One of the consistent things in our neighborhood is the very steady flow of ice-cream trucks up and down our street. In the six years that I have lived here, I have never bought ice-cream from any of them. Until yesterday
I can’t remember the occasion, but I had told the kids last week that I would set a dollar out and the next ice-cream truck we heard, we could go outside and spend our dollar. Well, we never heard one that day (hard to imagine), but yesterday the kids remembered what I had said and when we heard the familiar music, asked me if we could go. Something truly remarkable had just happened in our home: all three kids took afternoon naps. At the same time. And so I was happy to allow them this special treat.
We ran down our stairs, without shoes, and out our front door but we were too late. The truck had already crossed 30th and I wasn’t going to cross the street barefoot. “Let’s sit on our step and wait to see if there will be another one,” I suggested. The kids were thrilled to run around in the grass and build little twig houses and blow dandelions while we waited. And sure enough, a few minutes later we heard another truck
We met the ice-cream truck (van, actually) on the corner of 30th and Kenwood, and Mercy very quickly pointed out the pink ice-cream cone she wanted. After realizing that just about everything else pictured on the side of the truck cost more than a dollar, I asked the man for the pink ice-cream cone. We walked back to our steps, and the kids giddily sat down to share their treat. They took turns with bites and licks, and their soon-pink faces and big smiles gave me much joy. Doug arrived home from his study session while we were still out front, and he was given the bottom of the cone filled with melted pink to eat.
While we had been out front waiting, we had made friends with two little kids riding scooters on our street. I had not seen them before, and they motioned a few houses south of us when I asked them where they stayed. When we heard the ice-cream truck, they ran home to get some money, but by the time they made it back the truck was gone. I assured them that another one would likely come soon. When it did, I was horrified to see these two kids running after the truck, begging it to stop, while the driver accelerated and drove away. And I could not help but wonder if it was because of the color of their skin.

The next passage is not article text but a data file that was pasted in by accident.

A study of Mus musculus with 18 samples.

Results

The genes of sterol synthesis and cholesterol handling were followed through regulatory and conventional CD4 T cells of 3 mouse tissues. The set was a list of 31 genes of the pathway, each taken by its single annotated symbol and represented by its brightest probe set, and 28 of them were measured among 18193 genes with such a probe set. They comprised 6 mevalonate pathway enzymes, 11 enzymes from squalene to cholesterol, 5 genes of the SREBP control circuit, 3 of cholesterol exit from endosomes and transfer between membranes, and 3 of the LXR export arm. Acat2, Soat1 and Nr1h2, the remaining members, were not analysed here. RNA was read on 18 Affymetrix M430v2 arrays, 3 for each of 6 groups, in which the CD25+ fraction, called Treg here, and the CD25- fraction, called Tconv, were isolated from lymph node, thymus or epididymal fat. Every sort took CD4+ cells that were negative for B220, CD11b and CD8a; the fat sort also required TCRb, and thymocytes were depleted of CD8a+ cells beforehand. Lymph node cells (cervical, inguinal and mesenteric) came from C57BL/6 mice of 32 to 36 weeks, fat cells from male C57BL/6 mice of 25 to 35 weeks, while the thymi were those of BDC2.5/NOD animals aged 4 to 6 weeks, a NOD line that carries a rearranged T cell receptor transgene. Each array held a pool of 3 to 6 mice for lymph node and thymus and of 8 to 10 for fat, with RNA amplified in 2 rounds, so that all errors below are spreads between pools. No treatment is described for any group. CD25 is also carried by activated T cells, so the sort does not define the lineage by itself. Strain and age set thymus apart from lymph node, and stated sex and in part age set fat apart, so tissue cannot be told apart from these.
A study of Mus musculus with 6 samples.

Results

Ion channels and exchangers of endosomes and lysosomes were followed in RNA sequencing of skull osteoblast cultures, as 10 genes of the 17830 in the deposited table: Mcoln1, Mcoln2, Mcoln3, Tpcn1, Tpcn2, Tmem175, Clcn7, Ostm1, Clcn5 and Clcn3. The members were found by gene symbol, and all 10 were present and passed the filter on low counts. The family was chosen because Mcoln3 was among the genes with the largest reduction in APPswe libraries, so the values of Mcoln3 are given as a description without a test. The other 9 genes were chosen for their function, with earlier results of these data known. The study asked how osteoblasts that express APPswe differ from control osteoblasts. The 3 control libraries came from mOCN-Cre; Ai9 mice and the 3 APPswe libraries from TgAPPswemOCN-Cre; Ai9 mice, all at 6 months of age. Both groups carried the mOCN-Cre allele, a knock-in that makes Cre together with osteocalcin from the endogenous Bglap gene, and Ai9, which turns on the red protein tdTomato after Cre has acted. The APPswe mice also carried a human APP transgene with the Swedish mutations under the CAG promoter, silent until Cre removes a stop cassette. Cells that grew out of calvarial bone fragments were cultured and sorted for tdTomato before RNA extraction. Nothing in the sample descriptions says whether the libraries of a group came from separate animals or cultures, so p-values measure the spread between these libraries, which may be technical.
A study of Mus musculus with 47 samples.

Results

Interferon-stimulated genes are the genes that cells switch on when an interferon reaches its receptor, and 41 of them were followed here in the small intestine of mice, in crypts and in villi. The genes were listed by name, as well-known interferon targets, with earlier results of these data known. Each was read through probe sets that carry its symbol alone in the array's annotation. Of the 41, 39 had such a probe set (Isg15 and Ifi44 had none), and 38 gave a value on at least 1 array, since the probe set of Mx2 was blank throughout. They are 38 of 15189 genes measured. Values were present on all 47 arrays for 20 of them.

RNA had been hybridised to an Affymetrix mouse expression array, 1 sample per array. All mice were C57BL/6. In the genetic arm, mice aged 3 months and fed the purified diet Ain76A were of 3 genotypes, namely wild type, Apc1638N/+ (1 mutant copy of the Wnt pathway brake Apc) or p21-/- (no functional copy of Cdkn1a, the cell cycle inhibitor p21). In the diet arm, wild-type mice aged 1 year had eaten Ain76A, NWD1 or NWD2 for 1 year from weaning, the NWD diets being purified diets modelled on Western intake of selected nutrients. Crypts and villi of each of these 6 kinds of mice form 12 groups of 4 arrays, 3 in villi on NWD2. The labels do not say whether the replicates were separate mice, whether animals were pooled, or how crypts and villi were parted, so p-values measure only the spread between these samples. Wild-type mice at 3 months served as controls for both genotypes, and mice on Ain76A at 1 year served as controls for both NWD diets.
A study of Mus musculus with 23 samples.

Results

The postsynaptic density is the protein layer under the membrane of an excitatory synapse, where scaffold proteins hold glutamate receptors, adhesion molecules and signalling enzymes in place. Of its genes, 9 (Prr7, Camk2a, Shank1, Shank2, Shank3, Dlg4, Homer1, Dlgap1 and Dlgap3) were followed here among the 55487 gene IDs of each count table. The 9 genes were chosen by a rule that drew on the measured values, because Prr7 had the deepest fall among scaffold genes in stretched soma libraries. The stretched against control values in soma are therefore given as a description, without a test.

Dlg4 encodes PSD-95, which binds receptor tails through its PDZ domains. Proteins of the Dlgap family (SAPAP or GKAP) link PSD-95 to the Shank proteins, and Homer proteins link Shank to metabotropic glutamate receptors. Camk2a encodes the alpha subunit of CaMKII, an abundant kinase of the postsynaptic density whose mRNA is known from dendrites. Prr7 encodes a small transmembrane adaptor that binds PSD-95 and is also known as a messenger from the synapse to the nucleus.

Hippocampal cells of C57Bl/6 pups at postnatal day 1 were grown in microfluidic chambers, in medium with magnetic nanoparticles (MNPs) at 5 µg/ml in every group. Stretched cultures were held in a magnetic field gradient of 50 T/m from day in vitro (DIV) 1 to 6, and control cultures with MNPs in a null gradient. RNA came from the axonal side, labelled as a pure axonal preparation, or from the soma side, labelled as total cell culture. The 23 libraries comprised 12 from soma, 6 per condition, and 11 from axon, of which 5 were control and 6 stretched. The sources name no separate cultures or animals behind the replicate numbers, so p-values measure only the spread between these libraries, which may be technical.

About the same time we had heard the first truck approaching, a cruiser had come racing up our street. Having just seen a flurry of young men on bikes and on foot, streaming from 30th, I had that moment where I had to decide if we should turn around and go back inside. For whatever reason I decided to keep going and so we walked, barefoot, Elijah dangling from my arms and the two big kids holding hands, to a corner that has been the center of so much violence in our neighborhood, with the black and white cruiser creeping slowly next to us. A second cruiser came from the opposite direction and the two met just north of us on Kenwood, parked their vehicles, and entered the property of one of our neighbors. And we picked out our ice-cream.
Doug made a comment to me the other day about how people make a big deal about where we live but “it’s not like we are saving the world or anything.” My response to him was that while that was true, there is a constant level of fear and tension that we live with that most others (at least those who have a choice) do not. I was especially struck by this on our trip to Denver when I was standing in the backyard of Aunt Kristin’s house where my kids were playing, and I caught myself constantly looking around and looking behind me and I realized: wait, I don’t have to do that here.
It’s hard to quantify: the fear that hovers over little decisions like buying ice-cream. It’s hard to quantify: the ever-present shadow of young men, murdered. It’s hard to quantify: remembering all of the kids who were out playing the night someone was shot, and choosing to walk outside with your own.